A Solaris network consists of a number of different hosts that are interconnected using a switch or a hub. Solaris networks connect to one another via routers, which can be dedicated hardware systems, or Solaris systems, which have more than one network interface. Each host on a Solaris network is identified by a unique hostname; these hostnames often reflect the function of the host in question. For example, a set of four FTP servers may have the hostnames ftp1, ftp2, ftp3, and ftp4.
Every host and network that is connected to the Internet uses the Internet Protocol (IP) to support higher-level protocols such as Transmission Control Protocol (TCP) and User Datagram Protocol (UDP). Every interface of every host on the Internet has a unique IP address that is based on the network IP address block assigned to the local network. Networks are addressable by using an appropriate netmask that corresponds to a class A (255.0.0.0), class B (255.255.0.0), or class C (255.255.255.0) network.
Solaris supports multiple Ethernet interfaces that can be installed on a single machine. These are usually designated as /etc/hostname.hmen, where n is the interface number and hme is the interface type. Interface files contain a single unqualified domain name or IP address, with the primary network interface being designated with an interface number of zero. Thus, the primary interface of a machine called ftp would be defined by the file /etc/hostname.hme0, which might contain the unqualified domain name “ftp”, or the IP address 126.96.36.199. A secondary network interface, connected to a different subnet, might be defined in the file /etc/hostname.hme1. In this case, the file might contain the unqualified domain name “mail”, or the IP address 10.17.65.28.
The decision to use unqualified domain names or IP addresses rests largely with the naming service used by the system, which is defined by the file /etc/nsswitch.conf. If this file does not allow hostname resolution from the /etc/hosts because the Domain Name System (DNS) is used exclusively, using unqualified domain names in /etc/hostname.* files can lead to a failure of local hostname resolution. However, because IP addresses can change from time to time (particularly if Dynamic Host Configuration Protocol, or DHCP, is used), some administrators may need to use unqualified domain names.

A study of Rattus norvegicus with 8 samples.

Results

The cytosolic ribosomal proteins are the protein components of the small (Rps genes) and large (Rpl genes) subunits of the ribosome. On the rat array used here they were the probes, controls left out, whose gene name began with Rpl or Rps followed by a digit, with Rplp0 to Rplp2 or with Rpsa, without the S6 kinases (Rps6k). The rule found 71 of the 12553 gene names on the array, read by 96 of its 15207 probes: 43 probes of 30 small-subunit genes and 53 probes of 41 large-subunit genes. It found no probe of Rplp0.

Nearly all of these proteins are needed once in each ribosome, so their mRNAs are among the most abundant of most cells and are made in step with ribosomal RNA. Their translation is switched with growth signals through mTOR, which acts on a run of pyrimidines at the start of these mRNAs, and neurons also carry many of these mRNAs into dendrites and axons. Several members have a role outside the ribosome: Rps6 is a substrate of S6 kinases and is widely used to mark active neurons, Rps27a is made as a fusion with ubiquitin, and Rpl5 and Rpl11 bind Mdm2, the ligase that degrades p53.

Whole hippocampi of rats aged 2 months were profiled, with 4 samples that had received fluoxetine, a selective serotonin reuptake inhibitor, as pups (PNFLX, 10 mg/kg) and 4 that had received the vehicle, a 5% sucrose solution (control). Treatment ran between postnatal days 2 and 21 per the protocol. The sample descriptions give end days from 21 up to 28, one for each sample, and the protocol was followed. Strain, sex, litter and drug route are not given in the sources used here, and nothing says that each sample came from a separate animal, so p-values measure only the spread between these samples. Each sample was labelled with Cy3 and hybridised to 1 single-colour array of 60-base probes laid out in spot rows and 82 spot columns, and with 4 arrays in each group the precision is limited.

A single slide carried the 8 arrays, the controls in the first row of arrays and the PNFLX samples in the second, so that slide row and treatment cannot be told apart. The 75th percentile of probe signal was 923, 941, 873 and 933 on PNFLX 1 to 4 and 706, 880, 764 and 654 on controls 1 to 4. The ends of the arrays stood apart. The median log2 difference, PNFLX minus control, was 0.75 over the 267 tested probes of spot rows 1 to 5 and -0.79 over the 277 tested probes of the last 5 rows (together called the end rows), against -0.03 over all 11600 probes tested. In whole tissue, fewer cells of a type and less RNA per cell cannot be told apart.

Enabling multiple interfaces is commonly used in organizations that have a provision for a failure of the primary network interface or to enable load balancing of server requests across multiple subnets (for example, for an intranet web server processing HTTP requests). A system with a second network interface can act either as a router or as a multihomed host. Hostnames and IP addresses are locally administered through a naming service, which is usually DNS for companies connected to the Internet, and the Network Information Service (NIS/NIS+) for companies with large internal networks that require administrative functions beyond what DNS provides, including centralized authentication.
It is also worth mentioning at this point that it is possible for you to assign different IP addresses to the same network interface; this configuration can be useful for hosting “virtual” interfaces that require their own IP address, rather than relying on application-level support for multihoming (for example, when using the Apache web server). You simply create a new /etc/hostname.hmeX:Y file for each IP address required, where X represents the physical device interface and Y represents the virtual interface number.
The subnet mask used by each of these interfaces must also be defined in /etc/ netmasks. This is particularly important if the interfaces lie on different subnets, or if they serve different network classes. In addition, it might also be appropriate to assign a fully qualified domain name to each of the interfaces, although this will depend on the purpose to which each interface is assigned.